Let’s leave aside, for the moment, the hackery and the hypocrisy.
Yes, Sean Hannity’s text messages, newly released by the House’s Jan. 6 committee, raise serious questions of media ethics, and yes, there are obvious conflicts of interest in the Fox News host acting as a political adviser to the embattled Trump White House.
But the messages published Tuesday tell us another story, as well: In the days before and after Jan. 6, even one of former President Donald Trump’s most slavishly loyalist flaks recognized his madness, lies and danger.
In the days before and after Jan. 6, even one of former President Donald Trump’s most slavishly loyalist flaks recognized his madness, lies and danger.
The texts make it clear that Hannity was aware of exactly what was happening — including the bizarre attempt to get Vice President Mike Pence to overturn the election — and he worried that White House lawyers might resign en masse.
“We can't lose the entire WH counsel's office,” Hannity texted White House chief of staff Mark Meadows on Dec. 31, 2020. “I do NOT see January 6 happening the way he is being told.”
The night before the insurrection at the Capitol, he wrote, “Im very worried about the next 48 hours.”
After the deadly riot, Hannity continued trying to get Trump to change his focus and tone — and specifically to stop talking about the election that he had just lost. On Jan. 10, he wrote: “Guys, we have a clear path to land the plane in 9 days. He can’t mention the election again. Ever.”
The Fox host pushed Trump to move on. Instead of planning a coup, Trump "should announce [he] will lead the nationwide effort to reform voting integrity."
"Go to Fl [Florida] and watch Joe [Biden] mess up daily. Stay engaged. When he speaks people will listen," Hannity wrote.
The advice was (and it amazes me to write these words) actually pretty sound.
But, as the messages also make clear, not even Hannity was able to break through and disrupt Trump’s dark obsession. “I did not have a good call with him today,” he wrote. “And worse, I’m not sure what is left to do or say, and I don’t like not knowing if it’s truly understood. Ideas?”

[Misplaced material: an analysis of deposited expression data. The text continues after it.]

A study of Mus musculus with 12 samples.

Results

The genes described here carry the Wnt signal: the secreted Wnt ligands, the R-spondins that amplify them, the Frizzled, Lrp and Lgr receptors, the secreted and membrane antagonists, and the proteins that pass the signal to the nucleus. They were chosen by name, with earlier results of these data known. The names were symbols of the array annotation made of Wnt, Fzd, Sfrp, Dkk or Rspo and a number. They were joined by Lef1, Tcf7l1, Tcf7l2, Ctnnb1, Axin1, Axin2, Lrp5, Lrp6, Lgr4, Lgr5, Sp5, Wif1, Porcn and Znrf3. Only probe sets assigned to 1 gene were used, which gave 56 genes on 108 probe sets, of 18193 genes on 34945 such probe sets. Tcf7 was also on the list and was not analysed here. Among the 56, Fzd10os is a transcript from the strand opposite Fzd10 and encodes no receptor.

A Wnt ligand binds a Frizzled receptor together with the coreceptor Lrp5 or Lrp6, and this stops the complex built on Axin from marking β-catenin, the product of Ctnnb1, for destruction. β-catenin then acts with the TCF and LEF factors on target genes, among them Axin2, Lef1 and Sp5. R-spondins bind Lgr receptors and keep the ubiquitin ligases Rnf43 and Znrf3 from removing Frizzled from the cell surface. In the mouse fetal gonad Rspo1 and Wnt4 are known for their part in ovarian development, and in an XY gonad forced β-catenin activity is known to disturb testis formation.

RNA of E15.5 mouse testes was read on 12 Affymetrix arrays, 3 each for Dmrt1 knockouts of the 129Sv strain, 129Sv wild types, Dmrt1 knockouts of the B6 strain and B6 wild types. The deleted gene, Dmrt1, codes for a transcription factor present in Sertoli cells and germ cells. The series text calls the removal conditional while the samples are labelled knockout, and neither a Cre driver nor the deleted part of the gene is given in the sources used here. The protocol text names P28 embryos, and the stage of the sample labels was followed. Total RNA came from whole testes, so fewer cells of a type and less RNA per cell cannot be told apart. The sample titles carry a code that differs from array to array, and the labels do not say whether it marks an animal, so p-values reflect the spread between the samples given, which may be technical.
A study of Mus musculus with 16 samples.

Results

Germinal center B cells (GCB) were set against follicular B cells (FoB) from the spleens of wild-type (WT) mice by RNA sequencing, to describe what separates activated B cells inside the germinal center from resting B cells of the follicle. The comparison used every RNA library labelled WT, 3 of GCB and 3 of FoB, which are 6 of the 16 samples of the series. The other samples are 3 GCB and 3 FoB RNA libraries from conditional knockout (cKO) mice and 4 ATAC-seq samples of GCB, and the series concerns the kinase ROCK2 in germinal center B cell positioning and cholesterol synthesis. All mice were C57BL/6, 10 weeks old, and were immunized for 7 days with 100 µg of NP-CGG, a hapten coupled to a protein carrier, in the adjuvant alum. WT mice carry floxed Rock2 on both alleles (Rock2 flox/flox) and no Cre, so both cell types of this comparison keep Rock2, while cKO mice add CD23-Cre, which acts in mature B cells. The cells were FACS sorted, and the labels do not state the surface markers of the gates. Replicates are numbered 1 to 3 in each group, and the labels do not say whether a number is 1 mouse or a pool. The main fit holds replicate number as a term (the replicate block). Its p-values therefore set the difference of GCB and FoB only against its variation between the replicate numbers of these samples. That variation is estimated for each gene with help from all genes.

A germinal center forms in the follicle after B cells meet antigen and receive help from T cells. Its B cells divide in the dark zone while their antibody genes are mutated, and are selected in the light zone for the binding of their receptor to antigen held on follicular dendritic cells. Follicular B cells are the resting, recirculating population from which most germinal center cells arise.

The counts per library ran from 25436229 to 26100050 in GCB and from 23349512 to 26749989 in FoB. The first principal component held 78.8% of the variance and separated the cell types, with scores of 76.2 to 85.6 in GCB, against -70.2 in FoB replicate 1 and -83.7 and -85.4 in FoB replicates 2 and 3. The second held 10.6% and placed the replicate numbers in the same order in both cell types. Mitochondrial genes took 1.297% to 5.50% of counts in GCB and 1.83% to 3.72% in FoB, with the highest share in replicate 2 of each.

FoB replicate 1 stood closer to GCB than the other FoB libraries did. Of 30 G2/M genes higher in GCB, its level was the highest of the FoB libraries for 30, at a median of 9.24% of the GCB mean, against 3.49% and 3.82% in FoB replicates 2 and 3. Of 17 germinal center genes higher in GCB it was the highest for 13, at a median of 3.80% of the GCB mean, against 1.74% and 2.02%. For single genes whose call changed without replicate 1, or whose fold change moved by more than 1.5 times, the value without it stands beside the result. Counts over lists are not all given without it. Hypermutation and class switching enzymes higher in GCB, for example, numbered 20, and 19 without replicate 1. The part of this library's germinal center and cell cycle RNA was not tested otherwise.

Hannity, of course, helped Trump push his "big lie" both before and after the attack on the Capitol — misleading his own viewers while continuing to prop up the delusional ex-president. (At one point, he publicly embraced bizarre conspiracy theories about the “rigging” of Dominion and Smartmatic voting machines.)
But, for a moment, let’s focus on this: In the days around Jan. 6, Trump’s White House was so crazy that even Sean Hannity was alarmed.
Hannity's advice was (and it amazes me to write these words) actually pretty sound.
All of this is (or should be) quite embarrassing for Hannity, whose duplicity is on full display. But Trump himself is clearly beyond embarrassment of any sort. Instead, the former president relishes it, and the voices warning of the danger of power grabs have fallen silent.
Until Tuesday, Trump had planned to hold a news conference to mark the anniversary of his attempt to overthrow the election. His decision to cancel could reflect that even in his inner circle, there is recognition of the need to distance the Republican de facto leader from his self-made cataclysm, rather than further embrace it.
But it seems far more likely that Trump dropped the idea after aides told him he wouldn’t get the kind of live television coverage he craved.
Once again, though, the most salient point is this: He almost did it.
A year after the deadly assault on the Capitol, the former president has fully embraced an alternative reality about the event. For months now, he has been testing his new inversion of reality in which he says “the real insurrection happened on November 3rd, the Presidential Election, not on January 6th—which was a day of protesting the Fake Election results.” In this reality, Ashli Babbitt, a rioter who was shot by police, is a martyr, and the real traitor is Mike Pence.
Few Republican officials — with the notable exception of Wyoming Rep. Liz Cheney and Illinois Rep. Adam Kinzinger — even bother to push back any more.
And Hannity has fallen back into line.
Meanwhile, the GOP base has accepted the Trumpist counter-reality. A recent poll found that a majority of Republicans now say the Capitol rioters were "protecting democracy." More than 70 percent of Republicans now seem to accept Trump’s lie that he was the real winner of the 2020 election, and the vast majority (78 percent) appear willing to give him a pass on the insurrection itself, saying he bears "just some" or no responsibility for the day's events.
But this is why the Hannity texts are so important.
They tell us that even in the very heart of Trumpworld, and even among the most loyal of the loyal, it was obvious that Trump was lying about the election and that the notion of overturning the election was dangerous madness.
They knew it then. And they know it now. But none of them will push back against the Orange God King anymore.
And none of them — including Sean Hannity — will tell their audience the truth about what is happening.